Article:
Perhaps the prospects acquired in this Marlins fire sale will be the core of a playoff contender in 2020. That’s the best Marlins fans can hope for after another payroll slash.
But it didn’t necessarily need to be this way.
Miami businessman Jorge Mas conveyed to me this month that if his Marlins offer had been accepted, he would have had a $130 million payroll in 2018, retained Giancarlo Stanton and hired a new general manager.
Instead, the Marlins intend to have a payroll of $90 million or less – a drop from $115 million last season and much lower than the $140 million it would have taken to keep the 2017 team together.
That extra $200 million could have been used toward payroll if the Jeter group hadn’t overpaid, with the Marlins convincing Jeter and Sherman they wouldn’t get the team for any less.
Even a Marlins official privately concedes Jeter and Sherman probably overpaid by $400 million, but credit Jeffrey Loria and David Samson for cajoling Sherman/Jeter to pay that much.
Wayne Rothbaum, who had a good chance to buy the team before one of his $200 million investors dropped out late, did not return phone calls regarding what he would have done as Marlins owner.
But a Major League Baseball source said his understanding was that the deep-pocked Rothbaum hadn’t planned to slash payroll in 2018 and was prepared to absorb substantial losses initially.
He intended to reduce executive salaries – among the highest in MLB under Jeffrey Loria – and cut what he considered to be wasteful non-player spending.
That extra money would have been used on player payroll, with the goal of rebuilding the farm system while the team was still contending.
Under Rothbaum, you likely would not have seen the big executive salaries such as the $5 million annually that Jeter reportedly is paying himself as CEO.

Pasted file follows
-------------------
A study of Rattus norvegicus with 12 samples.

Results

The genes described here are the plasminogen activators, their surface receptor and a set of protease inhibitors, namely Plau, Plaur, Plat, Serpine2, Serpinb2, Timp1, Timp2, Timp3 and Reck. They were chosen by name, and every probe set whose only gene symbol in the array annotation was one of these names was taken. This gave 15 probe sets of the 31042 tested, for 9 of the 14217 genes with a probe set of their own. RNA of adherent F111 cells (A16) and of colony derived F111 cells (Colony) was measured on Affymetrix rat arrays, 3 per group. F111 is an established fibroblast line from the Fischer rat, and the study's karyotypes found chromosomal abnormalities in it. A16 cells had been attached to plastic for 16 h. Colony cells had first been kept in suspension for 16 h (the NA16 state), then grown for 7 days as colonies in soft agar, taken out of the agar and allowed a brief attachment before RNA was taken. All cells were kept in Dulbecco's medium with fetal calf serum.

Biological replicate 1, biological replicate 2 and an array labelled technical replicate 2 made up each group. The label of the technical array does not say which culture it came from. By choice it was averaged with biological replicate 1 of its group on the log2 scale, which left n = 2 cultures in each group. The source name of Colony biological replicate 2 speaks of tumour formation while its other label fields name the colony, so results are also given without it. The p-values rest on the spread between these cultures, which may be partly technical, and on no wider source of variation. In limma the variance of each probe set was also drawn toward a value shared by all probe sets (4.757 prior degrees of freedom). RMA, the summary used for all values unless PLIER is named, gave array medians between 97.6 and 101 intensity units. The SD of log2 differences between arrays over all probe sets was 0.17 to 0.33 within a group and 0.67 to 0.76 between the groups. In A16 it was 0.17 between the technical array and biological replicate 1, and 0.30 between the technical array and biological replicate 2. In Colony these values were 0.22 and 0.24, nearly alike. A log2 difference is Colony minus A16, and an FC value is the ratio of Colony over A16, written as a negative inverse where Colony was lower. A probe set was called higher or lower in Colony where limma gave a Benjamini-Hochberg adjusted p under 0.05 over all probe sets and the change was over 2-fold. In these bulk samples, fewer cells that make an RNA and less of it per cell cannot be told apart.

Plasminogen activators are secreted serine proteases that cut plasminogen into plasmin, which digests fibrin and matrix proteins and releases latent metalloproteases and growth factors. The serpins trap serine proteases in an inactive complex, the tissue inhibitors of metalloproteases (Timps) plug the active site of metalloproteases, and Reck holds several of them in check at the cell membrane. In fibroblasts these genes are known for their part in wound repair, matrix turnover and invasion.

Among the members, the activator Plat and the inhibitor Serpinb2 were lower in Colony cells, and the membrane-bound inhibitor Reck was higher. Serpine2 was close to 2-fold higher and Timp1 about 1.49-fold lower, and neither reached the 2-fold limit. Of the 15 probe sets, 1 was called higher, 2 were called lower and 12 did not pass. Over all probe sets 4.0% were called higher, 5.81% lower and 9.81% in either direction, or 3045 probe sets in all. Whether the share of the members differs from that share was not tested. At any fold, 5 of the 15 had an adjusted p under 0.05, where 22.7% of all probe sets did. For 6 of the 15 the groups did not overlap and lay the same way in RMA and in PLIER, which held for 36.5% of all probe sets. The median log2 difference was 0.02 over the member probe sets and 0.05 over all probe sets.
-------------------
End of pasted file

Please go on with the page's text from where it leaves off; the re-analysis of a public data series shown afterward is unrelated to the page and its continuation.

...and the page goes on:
The Jeter/Sherman group had no choice but to cut payroll because Jeter – trying to lure investors to cover the bid beyond his modest $25 million investment and Sherman’s $390 million - assured them that there would not be cash calls to cover losses, according to a wealthy businessman approached by Jeter earlier this year.
Beyond borrowing $400 million to complete the sale (which Jeter said last week was not unusual), the Marlins owners are still trying to raise $200 million to cover debt and other expenses.
Jeter hosted a community breakfast to generate interest (as WINZ’s Andy Slater reported) and the Marlins have been sending emails imploring wealthy businessmen to invest, as FanRag’s Jon Heyman reported.
After his town hall meeting last week, Jeter said he is “confident” the Marlins will increase revenue: “That is our plan. We have to execute on that plan. There are many ways we can try to increase revenue.”
But that will be immensely challenging, with attendance expected to remain weak and with Fox Sports Florida (soon to be owned by ESPN) having no clear incentive to give the Marlins an enormous boost in its MLB-low rights fee before or after the contract expires after 2020.
Jeter shared a few ideas last week to boost attendance, including having more Latin music at games and somehow replicating the festive atmosphere of World Baseball Classic games.
When asked if he needs to increase revenue substantially to eventually have an average big-league payroll ($140 million or so), Jeter said only: "Give us a little time. It's been two months."
There was no assurance last week from Jeter that this ownership group would start spending money when this team is ready to win, which was honest but telling.
Frankly, how can Jeter give any such guarantee when he has no idea what future revenues will be and when investors were told they wouldn’t be asked to finance huge losses? That’s why it’s difficult to be optimistic about this franchise’s future, long-term or short-term.
From a fan perspective, what this franchise needed was a billionaire owner willing to sustain more sizable losses. And while Jeter insisted his group is not underfinanced, his 15 or so investors clearly aren’t inclined to lose money - a reality that seems to makes finances the priority over anything else.